12:30 | 19/06/2016 Society
(VEN) - Prime Minister Nguyen Xuan Phuc approved the adjusted Capital Region Construction Project until 2030 with a vision towards 2050, focusing on cultural conservation.
Hanoi in bird’s eye-view
Hanoi possesses precious tangible and intangible cultural values accumulated through more than a millennium of development. The Hanoian culture has continually developed along with the Vietnamese history and based on local life style, traditions and crafts transmitted from generation to generation.
In addition, the capital also possesses a variety of cultural heritage sites in need of conservation at its core area including the old quarter, French architectural buildings, suburban old villages, old citadels, religious buildings, typical constructions built after the peace restoration in 1954 and the local ecological system.
Hanoi has been enlarged on merging with Ha Tay which is also regarded as a land of well-known traditional cultural values.
All construction solutions for the Capital Region based on cultural conservation criteria. For example, constructions in the core area will be limited in height, density and design, especially around the Imperial Citadel, Hoan Kiem and West lakes, Ba Dinh District, the old quarter, Tay Ho and Ngoc Ha flower villages, Ngu Xa copper-casting and Buoi villages, religious sites located in residential quarters and the Long Bien Bridge. Moreover, the population in the core area will reduce from 1.2 to 0.8 million.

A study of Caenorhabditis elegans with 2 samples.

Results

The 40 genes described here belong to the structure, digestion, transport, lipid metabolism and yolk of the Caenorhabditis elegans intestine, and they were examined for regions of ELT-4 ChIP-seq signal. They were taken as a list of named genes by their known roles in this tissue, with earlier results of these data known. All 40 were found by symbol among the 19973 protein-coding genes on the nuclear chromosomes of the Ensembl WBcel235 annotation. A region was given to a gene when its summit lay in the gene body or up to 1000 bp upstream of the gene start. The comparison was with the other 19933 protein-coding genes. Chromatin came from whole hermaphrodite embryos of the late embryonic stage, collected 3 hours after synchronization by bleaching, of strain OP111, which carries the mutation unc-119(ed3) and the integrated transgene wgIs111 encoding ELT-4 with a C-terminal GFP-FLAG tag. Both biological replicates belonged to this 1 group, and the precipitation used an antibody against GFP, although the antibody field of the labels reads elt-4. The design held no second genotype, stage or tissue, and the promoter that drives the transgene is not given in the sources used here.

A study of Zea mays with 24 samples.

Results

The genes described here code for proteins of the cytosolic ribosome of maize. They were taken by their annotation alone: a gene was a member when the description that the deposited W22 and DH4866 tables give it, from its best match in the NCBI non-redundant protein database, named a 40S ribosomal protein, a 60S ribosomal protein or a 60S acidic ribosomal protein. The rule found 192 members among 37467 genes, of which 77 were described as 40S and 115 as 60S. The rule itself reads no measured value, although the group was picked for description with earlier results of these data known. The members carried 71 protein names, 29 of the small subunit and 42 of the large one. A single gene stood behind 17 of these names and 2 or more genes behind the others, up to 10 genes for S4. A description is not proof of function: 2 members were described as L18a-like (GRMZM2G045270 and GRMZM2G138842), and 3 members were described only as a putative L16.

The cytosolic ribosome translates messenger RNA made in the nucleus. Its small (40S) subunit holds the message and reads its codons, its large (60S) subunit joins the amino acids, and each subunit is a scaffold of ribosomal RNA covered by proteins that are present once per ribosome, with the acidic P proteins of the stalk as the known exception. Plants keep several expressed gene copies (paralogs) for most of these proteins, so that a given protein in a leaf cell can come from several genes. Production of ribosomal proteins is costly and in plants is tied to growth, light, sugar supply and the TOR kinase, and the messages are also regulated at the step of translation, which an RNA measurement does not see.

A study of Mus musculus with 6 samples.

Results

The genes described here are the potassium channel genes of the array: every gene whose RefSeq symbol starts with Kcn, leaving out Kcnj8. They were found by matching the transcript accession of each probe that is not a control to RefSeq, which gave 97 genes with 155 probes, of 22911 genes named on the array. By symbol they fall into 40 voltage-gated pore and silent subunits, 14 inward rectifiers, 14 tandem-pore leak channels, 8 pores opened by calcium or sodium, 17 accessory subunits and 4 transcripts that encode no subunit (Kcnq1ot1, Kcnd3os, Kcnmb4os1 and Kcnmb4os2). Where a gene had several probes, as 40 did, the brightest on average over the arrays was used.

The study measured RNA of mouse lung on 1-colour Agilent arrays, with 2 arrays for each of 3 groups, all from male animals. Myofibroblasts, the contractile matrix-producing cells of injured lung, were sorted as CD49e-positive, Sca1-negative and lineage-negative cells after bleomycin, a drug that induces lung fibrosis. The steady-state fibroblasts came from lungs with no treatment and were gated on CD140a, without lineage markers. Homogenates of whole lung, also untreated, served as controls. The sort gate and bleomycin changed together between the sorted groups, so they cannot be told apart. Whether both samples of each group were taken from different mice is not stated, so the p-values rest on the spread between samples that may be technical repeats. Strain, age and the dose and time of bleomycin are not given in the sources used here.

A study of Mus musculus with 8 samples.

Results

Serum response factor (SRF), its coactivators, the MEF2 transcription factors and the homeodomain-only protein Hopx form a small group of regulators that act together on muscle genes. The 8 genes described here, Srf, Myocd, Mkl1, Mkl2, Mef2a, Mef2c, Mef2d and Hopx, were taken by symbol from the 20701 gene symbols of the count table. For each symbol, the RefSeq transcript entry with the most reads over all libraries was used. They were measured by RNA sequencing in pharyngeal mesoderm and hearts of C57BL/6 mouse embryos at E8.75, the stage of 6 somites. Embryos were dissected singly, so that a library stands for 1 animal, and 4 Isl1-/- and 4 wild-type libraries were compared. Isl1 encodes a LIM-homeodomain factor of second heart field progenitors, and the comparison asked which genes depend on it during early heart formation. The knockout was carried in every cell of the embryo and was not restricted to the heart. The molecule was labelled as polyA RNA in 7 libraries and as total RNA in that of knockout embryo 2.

Hanoi has a plan for a comprehensive assessment of all historical cultural heritage sites before restoration and repair.
Some special cultural heritage sites outside the core area including Co Loa and Son Tay citadels, Duong Lam and Bat Trang villages, Thay and Tay Phuong pagodas, and Thuy Phieu, Tay Dang and Chu Quyen communal houses will be upgraded and zoned for protection.
Cultural heritage conservation models will be adopted and promoted in Duong Lam, Ba Vi National Park, Dong Mo Lake, West Lake, Huong Son, Son Tay and riverside ecologies.
The archaeological site located at 18 Hoang Dieu Street and several items in the Imperial Citadel including the Kinh Thien Palace will be restored based on a complete scientific study.
The old quarter will be placed under stricter construction management regulations and will pilot architectural embellishment and street space adjustment, reduce population density and improve environmental sanitation.
French architectural buildings will be restored to their original shapes without being destroyed for new constructions or extended in any forms. In addition, related technical infrastructure investment will also take place.